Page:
Local viticulturist/winemaker/master distiller Rusty Figgins portrays his maternal grandfather, Francesco Antonio “Frank” Leonetti, during Columbus Day weekend. The performance will take place at 2 pm in the Pioneer Village, and an educational, interpretive tour of the small vineyard will immediately follow.
Born 1880 in Serra Pedace, Cosenza Province in the Calabria region of southern Italy, Leonetti immigrated to Walla Walla in 1901, when he was twenty-one. He married Rose Fazzari in 1905. A truck gardener, Leonetti made room in his vegetable fields for an acre of Black Prince grapes, from which he made wine for family use.
The destruction of Leonetti’s beloved vines in the infamous ‘Black Frost’ of 1955 is said to have broken his heart and is believed to have contributed to his death shortly thereafter. Frank Leonetti’s passion inspired his descendants to grow grapes and make wine commercially. His namesake winery, Leonetti Cellar, is notable for creating fine wine for the past forty years. Figgins as Frank Leonetti explains the history of viticulture in the Walla Walla Valley and the Italian-American contribution to area grape cultivation and winemaking.
Planted under Figgins’ direction in 1995, Fort Walla Walla Museum’s vineyard features Black Prince grapevines of the kind grown by Frank Leonetti. The Black Prince variety, brought here by train from a plant nursery in Sacramento, California, was discovered by Figgins to be genetically identical to Cinsault, a variety that is prominent in the southern Rhône and Provence in France. Black Prince grapevines are known for their ability to withstand hot, dry climates, and are known for use as both a table and wine grape. Black Prince produces light- to medium-bodied red and rosé wines, and as Cinsault, has enjoyed a renaissance in the Walla Walla Valley, where plantings have increased owing in large part to Figgins’ influence and the industry’s interest in Rhône Valley grape varieties.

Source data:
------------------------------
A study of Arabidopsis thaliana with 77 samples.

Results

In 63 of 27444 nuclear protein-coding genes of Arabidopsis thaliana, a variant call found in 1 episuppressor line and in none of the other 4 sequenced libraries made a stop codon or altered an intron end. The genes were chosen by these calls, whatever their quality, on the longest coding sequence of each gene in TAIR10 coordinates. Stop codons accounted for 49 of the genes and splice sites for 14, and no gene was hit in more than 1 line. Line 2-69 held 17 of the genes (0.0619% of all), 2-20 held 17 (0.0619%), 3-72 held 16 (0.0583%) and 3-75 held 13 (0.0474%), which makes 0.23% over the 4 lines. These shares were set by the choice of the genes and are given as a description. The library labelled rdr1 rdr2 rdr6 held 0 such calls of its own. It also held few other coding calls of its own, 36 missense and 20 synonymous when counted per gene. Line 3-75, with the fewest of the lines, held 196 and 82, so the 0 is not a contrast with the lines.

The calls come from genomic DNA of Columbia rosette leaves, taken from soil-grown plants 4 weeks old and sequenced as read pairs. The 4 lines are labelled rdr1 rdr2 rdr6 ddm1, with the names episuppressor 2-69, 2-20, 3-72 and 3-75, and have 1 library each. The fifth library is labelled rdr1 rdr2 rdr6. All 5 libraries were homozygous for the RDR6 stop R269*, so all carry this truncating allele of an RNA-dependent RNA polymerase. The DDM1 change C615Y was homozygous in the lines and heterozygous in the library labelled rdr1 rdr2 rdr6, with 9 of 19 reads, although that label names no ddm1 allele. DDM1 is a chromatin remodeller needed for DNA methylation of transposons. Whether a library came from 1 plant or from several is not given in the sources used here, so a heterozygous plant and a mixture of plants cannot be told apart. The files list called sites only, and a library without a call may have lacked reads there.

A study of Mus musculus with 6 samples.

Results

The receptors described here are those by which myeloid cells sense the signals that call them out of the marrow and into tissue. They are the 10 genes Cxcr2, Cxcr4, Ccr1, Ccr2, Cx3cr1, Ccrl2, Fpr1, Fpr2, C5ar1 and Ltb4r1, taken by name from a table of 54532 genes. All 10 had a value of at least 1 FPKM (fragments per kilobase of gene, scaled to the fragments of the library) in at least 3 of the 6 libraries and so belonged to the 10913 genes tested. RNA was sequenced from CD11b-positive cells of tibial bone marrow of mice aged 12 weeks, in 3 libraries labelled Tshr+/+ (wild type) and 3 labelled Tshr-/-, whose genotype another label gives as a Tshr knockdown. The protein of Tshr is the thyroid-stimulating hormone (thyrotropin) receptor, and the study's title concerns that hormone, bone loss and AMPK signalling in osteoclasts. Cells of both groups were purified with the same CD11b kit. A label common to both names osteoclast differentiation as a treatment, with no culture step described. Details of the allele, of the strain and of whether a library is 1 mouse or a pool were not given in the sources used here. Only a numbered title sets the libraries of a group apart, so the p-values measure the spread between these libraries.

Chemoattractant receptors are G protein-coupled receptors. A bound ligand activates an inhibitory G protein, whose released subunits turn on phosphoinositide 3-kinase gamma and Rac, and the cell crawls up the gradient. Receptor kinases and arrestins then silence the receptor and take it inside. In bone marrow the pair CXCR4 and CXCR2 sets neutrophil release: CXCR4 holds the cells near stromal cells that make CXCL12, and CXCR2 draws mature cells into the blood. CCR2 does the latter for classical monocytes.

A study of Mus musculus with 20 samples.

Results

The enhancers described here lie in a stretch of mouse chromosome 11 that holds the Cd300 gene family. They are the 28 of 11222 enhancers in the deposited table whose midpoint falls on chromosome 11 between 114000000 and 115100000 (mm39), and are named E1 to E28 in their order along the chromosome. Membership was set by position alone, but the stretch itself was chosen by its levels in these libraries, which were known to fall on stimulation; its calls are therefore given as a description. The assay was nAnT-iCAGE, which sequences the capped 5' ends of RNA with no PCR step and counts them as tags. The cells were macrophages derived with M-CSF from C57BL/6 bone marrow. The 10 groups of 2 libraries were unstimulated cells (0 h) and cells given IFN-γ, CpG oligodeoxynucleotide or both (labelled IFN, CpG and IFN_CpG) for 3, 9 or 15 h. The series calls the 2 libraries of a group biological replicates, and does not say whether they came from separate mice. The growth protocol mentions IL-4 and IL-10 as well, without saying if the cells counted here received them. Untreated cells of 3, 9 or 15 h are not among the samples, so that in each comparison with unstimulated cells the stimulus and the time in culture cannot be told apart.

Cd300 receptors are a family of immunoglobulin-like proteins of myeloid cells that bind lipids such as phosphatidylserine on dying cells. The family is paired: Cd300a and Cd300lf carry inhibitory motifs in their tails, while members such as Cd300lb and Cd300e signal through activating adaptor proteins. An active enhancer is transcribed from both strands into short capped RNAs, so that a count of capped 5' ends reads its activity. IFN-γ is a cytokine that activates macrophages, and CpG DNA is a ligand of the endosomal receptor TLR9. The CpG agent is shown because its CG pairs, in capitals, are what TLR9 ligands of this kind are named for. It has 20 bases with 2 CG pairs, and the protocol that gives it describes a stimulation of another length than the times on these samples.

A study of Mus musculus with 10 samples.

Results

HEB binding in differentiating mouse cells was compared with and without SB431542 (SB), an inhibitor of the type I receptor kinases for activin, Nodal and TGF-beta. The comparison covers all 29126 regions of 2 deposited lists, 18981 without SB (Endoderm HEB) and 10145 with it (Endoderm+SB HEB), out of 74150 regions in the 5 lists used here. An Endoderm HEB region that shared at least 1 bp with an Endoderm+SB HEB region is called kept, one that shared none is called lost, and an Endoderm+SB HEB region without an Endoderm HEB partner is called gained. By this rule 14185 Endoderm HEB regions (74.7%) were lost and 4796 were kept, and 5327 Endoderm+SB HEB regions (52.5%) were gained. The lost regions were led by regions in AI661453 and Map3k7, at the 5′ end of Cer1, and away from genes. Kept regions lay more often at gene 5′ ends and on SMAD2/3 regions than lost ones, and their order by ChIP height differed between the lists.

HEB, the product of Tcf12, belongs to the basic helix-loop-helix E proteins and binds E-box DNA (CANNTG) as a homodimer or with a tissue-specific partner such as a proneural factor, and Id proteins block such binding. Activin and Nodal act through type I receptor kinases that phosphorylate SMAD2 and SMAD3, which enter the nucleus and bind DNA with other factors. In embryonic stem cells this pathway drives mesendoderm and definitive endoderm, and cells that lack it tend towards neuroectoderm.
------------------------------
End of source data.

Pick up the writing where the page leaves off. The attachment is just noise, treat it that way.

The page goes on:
The vineyard at Fort Walla Walla is one of the Museum's horticultural displays in support of its Italian Farmstead exhibit in the pioneer village. Unlike most modern grapevines that are trained laterally on wire trellises, the museum's Black Prince employ a method common in the 1800s where a free-standing vine is head-trained, that is, grown on a single, vertical stake. Pruning the grapevines in the form of an open basket or goblet allows more sunlight to penetrate and promote the ripening of the grapes. In recent years, students of Walla Walla Community College’s Institute for Enology & Viticulture program have pruned the vines.